It is worth considering getting an accountant.
- First, you are a business and there is a fair amount of work associated with this, in particular filling in tax returns and VAT returns. This may be too much to handle in your first couple of years when building a practice; having someone to keep on top of things for you will take away most of the work and a lot of the stress.
- Second, the stress of sorting out this sort of thing will be reduced if there is someone who knows and understands the requirements and can give you simple advice on what you can and can’t claim. Being able to trust an expert rather than relying on your own research in the limited time available will reduce the likelihood of you missing deadlines (which can incur a fine) or getting something very wrong (which could result in criminal penalties in extreme cases).
- Third, if the accountant gets it wrong you will have some redress.
You may be put off by the cost of an accountant, but it is always worth investigating: many accountants offer free accounting services for your pupillage year (or your first year of practice or year with them). Thereafter, some offer competitive fixed fees based on your earnings. Having an accountant may also pay for itself in terms of time saved (which you could be using on more remunerative work) and in identifying what items can be claimed against tax.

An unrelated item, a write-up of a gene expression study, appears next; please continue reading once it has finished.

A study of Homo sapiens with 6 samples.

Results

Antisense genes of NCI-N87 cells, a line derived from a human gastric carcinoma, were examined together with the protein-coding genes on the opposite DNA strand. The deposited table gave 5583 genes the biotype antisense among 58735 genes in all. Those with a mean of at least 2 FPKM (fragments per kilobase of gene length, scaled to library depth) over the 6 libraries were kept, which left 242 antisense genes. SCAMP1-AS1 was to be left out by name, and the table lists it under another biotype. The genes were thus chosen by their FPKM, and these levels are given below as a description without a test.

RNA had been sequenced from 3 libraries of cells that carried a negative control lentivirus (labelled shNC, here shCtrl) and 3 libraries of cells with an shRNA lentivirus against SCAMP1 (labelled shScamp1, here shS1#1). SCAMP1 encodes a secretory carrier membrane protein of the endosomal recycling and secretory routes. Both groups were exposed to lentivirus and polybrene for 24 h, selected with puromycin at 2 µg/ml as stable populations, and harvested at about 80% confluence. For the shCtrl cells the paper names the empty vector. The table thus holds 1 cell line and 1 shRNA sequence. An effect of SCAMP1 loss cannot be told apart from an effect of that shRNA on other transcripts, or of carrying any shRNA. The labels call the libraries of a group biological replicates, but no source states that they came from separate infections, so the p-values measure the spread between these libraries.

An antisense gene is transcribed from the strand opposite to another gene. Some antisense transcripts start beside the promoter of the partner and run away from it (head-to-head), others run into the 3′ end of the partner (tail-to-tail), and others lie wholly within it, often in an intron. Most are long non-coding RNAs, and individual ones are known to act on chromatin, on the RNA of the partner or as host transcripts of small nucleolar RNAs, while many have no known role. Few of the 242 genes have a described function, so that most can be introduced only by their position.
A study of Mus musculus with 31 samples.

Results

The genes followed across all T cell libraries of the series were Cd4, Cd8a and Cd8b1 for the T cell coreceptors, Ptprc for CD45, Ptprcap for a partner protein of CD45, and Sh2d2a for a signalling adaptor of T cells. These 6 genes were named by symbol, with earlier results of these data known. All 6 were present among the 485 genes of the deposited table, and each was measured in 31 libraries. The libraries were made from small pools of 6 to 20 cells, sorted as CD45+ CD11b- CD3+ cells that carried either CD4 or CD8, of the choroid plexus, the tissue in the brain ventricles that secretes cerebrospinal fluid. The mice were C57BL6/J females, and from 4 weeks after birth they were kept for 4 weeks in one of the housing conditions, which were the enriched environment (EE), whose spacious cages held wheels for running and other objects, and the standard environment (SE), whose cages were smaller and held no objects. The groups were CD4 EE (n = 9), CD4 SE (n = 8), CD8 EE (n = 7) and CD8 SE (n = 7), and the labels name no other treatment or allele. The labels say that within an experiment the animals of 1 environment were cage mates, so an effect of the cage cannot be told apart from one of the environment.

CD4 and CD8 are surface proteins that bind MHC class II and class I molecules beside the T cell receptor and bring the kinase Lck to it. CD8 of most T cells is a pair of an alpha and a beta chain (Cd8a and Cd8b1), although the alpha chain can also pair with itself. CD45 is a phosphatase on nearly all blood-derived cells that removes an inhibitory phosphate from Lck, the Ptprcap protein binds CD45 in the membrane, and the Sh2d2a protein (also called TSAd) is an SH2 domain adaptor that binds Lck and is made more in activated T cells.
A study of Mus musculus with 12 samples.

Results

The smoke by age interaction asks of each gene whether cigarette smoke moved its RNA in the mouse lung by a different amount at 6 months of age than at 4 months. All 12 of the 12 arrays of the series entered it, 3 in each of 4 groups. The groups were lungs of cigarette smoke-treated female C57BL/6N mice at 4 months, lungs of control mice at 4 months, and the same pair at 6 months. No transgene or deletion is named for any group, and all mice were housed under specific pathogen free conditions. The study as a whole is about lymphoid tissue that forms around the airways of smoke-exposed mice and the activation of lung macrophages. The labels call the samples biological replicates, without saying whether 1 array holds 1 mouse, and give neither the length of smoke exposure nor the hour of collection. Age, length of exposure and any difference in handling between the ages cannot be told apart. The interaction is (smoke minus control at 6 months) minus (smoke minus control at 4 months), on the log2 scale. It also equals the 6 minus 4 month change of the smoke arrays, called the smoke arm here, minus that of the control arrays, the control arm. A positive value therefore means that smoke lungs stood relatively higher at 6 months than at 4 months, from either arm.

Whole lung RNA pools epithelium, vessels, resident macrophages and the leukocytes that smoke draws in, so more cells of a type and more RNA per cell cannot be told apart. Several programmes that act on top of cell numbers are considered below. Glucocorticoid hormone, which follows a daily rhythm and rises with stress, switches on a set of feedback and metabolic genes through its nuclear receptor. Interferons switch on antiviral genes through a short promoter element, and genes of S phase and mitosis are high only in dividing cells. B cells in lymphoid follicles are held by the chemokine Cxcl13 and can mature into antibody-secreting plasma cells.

We would always recommend that when you choose an accountant, you look for one who specialises in or is at least experienced in working for barristers. They will have a much better idea of both the demands and eccentricities of your practice and what kind of paperwork they should be expecting from your chambers (they may be able to guide you in this).
If you are unsure who to choose, ask around chambers for a recommendation or see the Bar Council’s recommended partners: http://www.barcouncil.org.uk/supporting-the-bar/explore-member-benefits/.